Merkel makes U-turn on Grexit?
Recently, whenever Angela Merkel has been asked what she plans to do about Greece, she replies with the words, “We are waiting for the troika report.” The troika report, a fact-finding mission to Greece consisting of the European Commission, the International Monetary Fund (IMF) and the European Central Bank (ECB), was supposed to submit its findings at the end of August, but Greece’s fate is now not expected to be decided until November; after the US Presidential elections.
According to Der Spiegel, Merkel needn’t bother waiting for the troika’s conclusion, as in fact she has already made up her mind.
Until recently Merkel was prepared to drop the debt-ridden Balkan nation if it failed to meet its requirements, but now regards a Greek departure from the euro as involving too many risks.
Politics not economics
Officials in the Berlin chancellery fear a Grexit could start a domino effect, similar to the Lehman Brother’s bankruptcy in September 2008, which plunged the entire global economy into crisis.
Merkel’s advisors also believe that if Greece was forced out, it would be necessary to create a common “debt union” to stabilize other problem countries like Italy, Spain, Ireland and Portugal.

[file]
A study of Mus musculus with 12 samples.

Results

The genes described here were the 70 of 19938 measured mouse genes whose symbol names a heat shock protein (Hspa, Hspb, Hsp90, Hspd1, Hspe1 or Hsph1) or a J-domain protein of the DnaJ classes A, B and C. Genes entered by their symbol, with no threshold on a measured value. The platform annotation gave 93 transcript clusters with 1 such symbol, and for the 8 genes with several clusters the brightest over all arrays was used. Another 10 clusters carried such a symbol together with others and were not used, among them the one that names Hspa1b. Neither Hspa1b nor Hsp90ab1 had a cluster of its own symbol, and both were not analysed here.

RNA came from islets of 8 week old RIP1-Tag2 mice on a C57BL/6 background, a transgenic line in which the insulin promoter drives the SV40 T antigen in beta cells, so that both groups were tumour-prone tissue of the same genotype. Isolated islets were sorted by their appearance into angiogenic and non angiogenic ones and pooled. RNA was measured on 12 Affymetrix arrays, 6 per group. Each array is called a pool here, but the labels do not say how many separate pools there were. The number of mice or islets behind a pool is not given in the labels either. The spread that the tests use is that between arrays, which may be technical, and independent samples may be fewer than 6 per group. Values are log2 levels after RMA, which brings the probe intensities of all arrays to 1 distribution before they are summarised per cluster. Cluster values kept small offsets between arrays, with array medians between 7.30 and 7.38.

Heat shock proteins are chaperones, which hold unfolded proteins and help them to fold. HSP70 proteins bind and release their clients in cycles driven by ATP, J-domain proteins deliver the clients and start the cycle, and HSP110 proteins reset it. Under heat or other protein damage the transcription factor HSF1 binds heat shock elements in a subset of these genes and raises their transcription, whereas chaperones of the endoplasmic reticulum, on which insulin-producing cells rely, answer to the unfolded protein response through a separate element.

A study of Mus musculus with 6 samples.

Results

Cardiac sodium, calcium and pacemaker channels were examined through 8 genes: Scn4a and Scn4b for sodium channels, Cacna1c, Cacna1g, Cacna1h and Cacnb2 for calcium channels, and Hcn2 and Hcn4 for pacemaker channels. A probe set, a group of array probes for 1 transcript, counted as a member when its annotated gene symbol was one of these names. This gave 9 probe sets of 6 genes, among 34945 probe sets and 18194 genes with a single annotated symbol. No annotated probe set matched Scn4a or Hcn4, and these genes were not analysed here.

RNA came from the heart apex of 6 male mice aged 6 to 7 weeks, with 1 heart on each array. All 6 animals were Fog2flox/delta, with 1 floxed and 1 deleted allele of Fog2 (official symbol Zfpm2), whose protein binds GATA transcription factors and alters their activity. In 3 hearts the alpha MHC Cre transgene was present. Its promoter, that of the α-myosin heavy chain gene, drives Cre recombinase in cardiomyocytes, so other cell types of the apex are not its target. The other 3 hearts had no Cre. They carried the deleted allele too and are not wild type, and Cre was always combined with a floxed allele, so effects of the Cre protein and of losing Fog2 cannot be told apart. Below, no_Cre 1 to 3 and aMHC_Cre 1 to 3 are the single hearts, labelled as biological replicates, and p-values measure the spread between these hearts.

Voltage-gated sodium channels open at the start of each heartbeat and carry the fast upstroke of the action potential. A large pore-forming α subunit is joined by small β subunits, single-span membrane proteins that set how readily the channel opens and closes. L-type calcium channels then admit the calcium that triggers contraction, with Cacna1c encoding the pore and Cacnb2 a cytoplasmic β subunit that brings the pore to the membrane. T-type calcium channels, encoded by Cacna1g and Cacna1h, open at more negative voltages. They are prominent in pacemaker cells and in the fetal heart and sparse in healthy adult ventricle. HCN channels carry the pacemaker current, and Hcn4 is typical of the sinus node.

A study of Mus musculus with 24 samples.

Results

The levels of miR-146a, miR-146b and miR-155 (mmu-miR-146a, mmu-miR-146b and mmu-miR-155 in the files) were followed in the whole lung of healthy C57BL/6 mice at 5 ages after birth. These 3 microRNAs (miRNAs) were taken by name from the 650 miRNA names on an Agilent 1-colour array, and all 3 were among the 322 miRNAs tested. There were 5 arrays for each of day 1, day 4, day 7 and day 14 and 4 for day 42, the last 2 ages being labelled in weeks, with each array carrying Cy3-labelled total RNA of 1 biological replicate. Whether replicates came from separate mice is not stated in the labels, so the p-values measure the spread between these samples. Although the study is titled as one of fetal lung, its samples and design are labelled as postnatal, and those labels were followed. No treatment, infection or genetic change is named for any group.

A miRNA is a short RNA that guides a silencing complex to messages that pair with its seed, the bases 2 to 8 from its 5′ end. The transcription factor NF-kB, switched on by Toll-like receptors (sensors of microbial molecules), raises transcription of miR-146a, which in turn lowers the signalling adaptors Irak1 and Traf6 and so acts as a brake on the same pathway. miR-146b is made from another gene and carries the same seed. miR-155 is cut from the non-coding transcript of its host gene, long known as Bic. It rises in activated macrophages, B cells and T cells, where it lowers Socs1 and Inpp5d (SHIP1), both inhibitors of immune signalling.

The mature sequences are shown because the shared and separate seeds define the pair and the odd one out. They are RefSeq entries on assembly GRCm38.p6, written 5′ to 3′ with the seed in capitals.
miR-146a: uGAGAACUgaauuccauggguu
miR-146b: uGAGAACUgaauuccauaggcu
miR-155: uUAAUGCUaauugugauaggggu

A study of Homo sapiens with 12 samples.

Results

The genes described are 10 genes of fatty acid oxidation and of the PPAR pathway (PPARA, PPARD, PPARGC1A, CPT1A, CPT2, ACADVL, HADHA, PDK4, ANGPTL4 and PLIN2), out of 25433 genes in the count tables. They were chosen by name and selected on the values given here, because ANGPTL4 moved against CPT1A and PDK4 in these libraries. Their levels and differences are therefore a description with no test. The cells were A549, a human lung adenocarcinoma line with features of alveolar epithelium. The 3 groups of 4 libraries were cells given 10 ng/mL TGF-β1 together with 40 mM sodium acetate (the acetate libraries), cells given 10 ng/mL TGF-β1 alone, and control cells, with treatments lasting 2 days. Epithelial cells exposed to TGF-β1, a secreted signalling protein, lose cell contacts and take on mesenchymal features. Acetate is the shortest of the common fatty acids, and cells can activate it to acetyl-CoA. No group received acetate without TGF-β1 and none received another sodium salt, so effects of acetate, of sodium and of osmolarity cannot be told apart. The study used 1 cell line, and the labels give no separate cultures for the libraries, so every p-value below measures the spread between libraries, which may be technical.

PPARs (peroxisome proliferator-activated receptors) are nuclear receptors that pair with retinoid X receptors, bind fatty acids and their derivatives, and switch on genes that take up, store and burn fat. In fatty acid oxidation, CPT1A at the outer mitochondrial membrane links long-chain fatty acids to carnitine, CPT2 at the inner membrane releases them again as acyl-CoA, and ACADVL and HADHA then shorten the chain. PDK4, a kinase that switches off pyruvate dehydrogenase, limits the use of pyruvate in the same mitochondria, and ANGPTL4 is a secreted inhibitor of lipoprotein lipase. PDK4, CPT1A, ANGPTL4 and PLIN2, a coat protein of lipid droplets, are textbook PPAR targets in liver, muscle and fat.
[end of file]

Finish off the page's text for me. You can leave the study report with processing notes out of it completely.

The ECB decision last Thursday to purchase unlimited quantities of sovereign bonds from struggling eurozone countries reflects this top down political pressure.
The Greek problem will then be readdressed after the 2013 Bundestag election when the current rescue package has ended.
Merkel’s plan involves the troika report presenting the situation in Greece as rosier than it is in reality. This approach may well succeed, Der Spiegel believes, as Greek debt sustainability levels have been massaged by finance ministers since the crisis began.
By taking this approach it would not be clear until 2014, whether the rescue package has been sufficient or not. By then, reforms being forced through by the Greeks may have had some effect and Greece will be back on its feet.
The bigger picture
Another reason for Merkel’s about turn may be that she has an eye on the bigger picture of the EU.
The chancellor reportedly feels that democracy cannot be allowed to stumble in any EU state. Furthermore Greece is an important NATO ally in the eastern Mediterranean, an area beset with flashpoints.
The president of the Bundesbank, Germany’s central bank, Jens Weidmann, supports the leader and believes that it is better for Germany in the long term if Greece stays in the euro.
But for the Greeks the future is bleak. As unemployment hovers around 25 per cent, an extra 11.5 billion euro will have to be cut from their deficit if they are to remain in the eurozone.
Greek Prime Minister Antonis Samaras has begun a fresh round of negotiations on Monday with representatives of the troika group to agree on a new wave of austerity cuts so Greece will be eligible for the next batch of rescue loans needed to keep the county afloat.
Antonis is due is Frankfurt on Tuesday for talks with the president of the ECB, Mario Draghi.